By Sarah Alexander, Lance Cablk, Adam Buckingham, David Butler and Russell Ballantyne
This report provides a history of men in early childhood education in NZ and covers key milestones and policy issues.
It also feature articles written by four men on their experiences of being male and being involved in early childhood work.
The writers point to difficulties in being men in a predominantly female job.
They also discuss the rewards of the job and give helpful advice for other male (and female) educators.
The child abuse argument has proven to be a convenient excuse to keep men out of an occupation that has been a site for feminist activism since the 1970s. Over a decade after the Peter Ellis, Christchurch Civic Childcare Centre case, it is time to move on and bring gender diversity into the workforce. But the hands of employers are tied.
The government, through the Ministry of Education and TeachNZ, has taken greater responsibility for recruitment and setting qualification requirements and either because of this, or despite this, the early childhood workforce now stands out as probably the ‘pinkest’ occupation in New Zealand.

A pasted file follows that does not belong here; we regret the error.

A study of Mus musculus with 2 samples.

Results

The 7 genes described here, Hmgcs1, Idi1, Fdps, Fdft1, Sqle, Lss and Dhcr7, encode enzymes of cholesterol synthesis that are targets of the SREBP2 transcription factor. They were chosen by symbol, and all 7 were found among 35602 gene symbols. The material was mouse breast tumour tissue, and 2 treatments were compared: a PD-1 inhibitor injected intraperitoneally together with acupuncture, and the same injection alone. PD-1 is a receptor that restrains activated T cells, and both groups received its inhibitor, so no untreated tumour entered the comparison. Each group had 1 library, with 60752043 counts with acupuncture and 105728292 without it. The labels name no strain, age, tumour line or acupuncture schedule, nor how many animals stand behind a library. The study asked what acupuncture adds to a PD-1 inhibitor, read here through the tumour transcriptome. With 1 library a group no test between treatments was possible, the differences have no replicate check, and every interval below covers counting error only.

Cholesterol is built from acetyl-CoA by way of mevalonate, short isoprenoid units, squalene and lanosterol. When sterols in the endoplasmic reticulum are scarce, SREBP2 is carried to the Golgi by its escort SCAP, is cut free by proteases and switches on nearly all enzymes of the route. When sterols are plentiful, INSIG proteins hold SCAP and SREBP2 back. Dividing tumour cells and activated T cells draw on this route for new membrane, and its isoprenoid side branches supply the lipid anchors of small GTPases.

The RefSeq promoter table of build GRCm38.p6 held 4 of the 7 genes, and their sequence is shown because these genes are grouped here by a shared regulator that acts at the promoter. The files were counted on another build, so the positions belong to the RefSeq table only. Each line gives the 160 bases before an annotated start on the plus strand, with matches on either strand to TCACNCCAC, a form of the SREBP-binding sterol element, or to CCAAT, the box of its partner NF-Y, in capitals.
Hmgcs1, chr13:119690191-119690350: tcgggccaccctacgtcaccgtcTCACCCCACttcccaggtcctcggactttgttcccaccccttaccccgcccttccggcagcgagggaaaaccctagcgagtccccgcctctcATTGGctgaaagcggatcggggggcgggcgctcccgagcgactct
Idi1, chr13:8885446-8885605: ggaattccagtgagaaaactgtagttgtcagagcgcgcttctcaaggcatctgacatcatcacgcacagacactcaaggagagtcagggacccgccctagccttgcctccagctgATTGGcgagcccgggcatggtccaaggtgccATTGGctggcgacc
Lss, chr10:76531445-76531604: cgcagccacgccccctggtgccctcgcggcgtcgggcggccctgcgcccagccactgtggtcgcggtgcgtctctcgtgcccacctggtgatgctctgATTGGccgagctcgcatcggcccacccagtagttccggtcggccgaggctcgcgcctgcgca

For example, in nursing and midwifery male registered nurses now make up 6.5% of the workforce, and around 33% of flight attendants are male. Internationally, NZ has amongst the lowest rate of male participation in early childhood teaching.
So, what can be done to bring and keep more men in early childhood education?
First, debate on including men in early childhood teaching is needed in NZ. The veil of sexism inherent in the profession, due to it being a site for feminist activism since the 1970s and continued promulgation of the idea that men are not safe to work with young children, needs to be lifted and discussed.
Mums and dads and the general public can help by asking questions of the Minister of Education, the Ministry of Education, the teachers’ union, teacher education institutions, and early childhood associations about what they are, and are not, doing to make early childhood teaching more inclusive of men.
Women’s groups, the Ministry of Women’s Affairs and the Human Rights Commission need to consider whether it really is in the best interests of women if nothing is done to bring gender diversity into this very female-intensive profession.
Second, there should be a combined focus on recruitment and retention. To be successful in the long-term this should be well-planned with knowledge of the needs and perspectives of men and the difficulties currently faced by men in the profession informing plans for advertising, recruitment, training and for ensuring optimal work conditions.